Over the next four weeks, we’ll examine aspects of palliative care, like funding, caregivers’ roles, and helping loved ones through their final stages of life. This first installment talks about the palliative care services that are available.
National Hospice Palliative Care Week may have kicked off the month of May with a variety of fundraisers, but money is needed all year long, not just during the spring.
These fundraisers are an important part of palliative care services, because without the support of the communities, there would be limited services available to patients and their families as they live out their final days with dignity.
Palliative or end-of-life services in Canada have traditionally been provided at home until the care becomes so complicated or overwhelming that admission to hospital is required.
“During the course of illness it is not unusual for a person to seek treatment in emergency rooms and/or to be admitted to hospital a number of times until they reach a point when they cannot be released due to the severity of illness or inability of their family to care for them at home,” said Doug Burt, member of the Community Home Support Lanark County board of directors.
While some Canadians die at home, the majority of them spend their last days in hospital. This results in a great deal of stress for patients and families as well as unnecessary use of costly hospital beds for people who could be better managed at home or in a hospice.
Smiths Falls, Perth and parts of Almonte/Carleton Place are located in the South East Local Health Integration Network (SELHIN) one of 14 LHINs in Ontario. SELHIN covers a huge area from Prince Edward County in the South to the Hastings Highlands in the North and East to Edwardsburgh, Innisville, Montague, etc. Interestingly, Lanark County is split between SELHIN and Champlain LHIN which covers other parts of Carleton Place, Almonte and Kemptville and necessitates special arrangements between the two LHINs for some services.
Within the communities and counties of SELHIN and Champlain LHIN, the need for palliative and other support services has long been understood. Consequently, communities acted to establish a variety of services. Some of these have been recognized and funded to some extent by the LHINs.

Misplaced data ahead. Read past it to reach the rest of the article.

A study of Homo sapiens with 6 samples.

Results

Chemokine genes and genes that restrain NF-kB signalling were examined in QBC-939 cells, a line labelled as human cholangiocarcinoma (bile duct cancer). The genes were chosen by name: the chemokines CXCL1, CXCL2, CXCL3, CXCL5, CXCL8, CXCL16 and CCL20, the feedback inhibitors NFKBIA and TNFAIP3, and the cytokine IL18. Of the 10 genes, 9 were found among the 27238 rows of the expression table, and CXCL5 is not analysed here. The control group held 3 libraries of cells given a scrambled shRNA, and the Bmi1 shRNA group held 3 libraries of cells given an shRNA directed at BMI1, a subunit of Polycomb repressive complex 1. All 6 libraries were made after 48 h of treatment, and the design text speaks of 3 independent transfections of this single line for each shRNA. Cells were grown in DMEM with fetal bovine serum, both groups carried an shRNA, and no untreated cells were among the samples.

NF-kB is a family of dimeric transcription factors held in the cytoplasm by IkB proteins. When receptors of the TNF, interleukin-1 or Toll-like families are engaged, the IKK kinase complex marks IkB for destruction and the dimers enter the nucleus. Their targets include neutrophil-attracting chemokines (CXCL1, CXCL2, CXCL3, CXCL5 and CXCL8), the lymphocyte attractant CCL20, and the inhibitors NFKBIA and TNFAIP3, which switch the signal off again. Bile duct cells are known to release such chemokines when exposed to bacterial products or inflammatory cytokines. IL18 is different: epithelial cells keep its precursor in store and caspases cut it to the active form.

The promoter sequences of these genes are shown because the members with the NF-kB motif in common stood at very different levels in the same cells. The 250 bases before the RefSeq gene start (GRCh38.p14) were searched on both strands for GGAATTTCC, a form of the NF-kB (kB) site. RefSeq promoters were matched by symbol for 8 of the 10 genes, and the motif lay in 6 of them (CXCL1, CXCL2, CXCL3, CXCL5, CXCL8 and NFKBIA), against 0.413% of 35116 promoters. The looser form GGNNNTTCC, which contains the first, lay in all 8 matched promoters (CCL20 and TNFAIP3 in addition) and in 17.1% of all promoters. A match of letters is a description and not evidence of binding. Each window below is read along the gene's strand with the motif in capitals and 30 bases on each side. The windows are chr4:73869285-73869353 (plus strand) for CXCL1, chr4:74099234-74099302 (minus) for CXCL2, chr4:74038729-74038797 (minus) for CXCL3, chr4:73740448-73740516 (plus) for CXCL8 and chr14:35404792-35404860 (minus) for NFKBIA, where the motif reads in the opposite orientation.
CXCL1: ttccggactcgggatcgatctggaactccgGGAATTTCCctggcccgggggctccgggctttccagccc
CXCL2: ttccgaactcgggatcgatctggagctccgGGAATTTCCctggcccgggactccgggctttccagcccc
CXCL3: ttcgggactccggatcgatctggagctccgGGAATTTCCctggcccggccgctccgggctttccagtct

Municipalities and county councils have provided funds for some services as well. Within the Perth and Smiths Falls corner of SELHIN, Community Home Support, Lanark County (CHSLC) provides a number of services including three palliative care services: the Volunteer Hospice Visiting Service, the Day Hospice and Bereavement Services.
There are nine community hospice organizations across SELHIN. These hospice organizations have been achieving positive results by providing essential assistance to people with life-limiting and palliative diagnoses and to their families.
These services include trained hospice volunteers who go to homes to provide respite opportunities for caregivers, usually a family member.
The day hospices are places where clients can go to share their experiences with others having similar challenges. Day programs provide fun activities as well as invaluable psychosocial support to the clients and their families. Some clients say these programs provide them with an opportunity to forget they are sick. Most hospice services also provide bereavement services.
Approximately 45 per cent of the cost of the palliative care programs provided by CHSLC is funded by SELHIN, the rest comes from the generosity of the community which recognizes the importance of these services.
With some variations in the LHIN funding, this is the case for all hospice services across SELHIN and generally for all Ontario hospice services.
While these programs are only partly funded by SELHIN it must be noted that SELHIN provides substantial funding to the Community Care Access Centres (CCAC) to provide nursing and personal support worker (PSW) support to clients in their homes as well as some equipment and medical supplies.
These services combined with the hospice services provided by volunteers are intended to help clients remain at home and out of hospital as long as possible. The vast majority of palliative clients express the wish to be able to stay at home and to die surrounded by their loved ones.
Over the past years many communities have looked at the role residential hospices play in some countries, for example in the United Kingdom where there is a longstanding tradition of residential hospices for patients in their final weeks or days rather than admitting these patients to costly hospital beds.
Across Canada there are many communities that have decided the needs of their loved ones are best met by community-based residential hospices once care at home is no longer feasible.
There are some successful residential hospices, usually in larger towns and cities where there is a large base of citizens. However, Canada is made up of many small rural communities where it is difficult to find the funds to build and maintain residential hospices.
To view the full article, please visit Inside Ottawa Valley.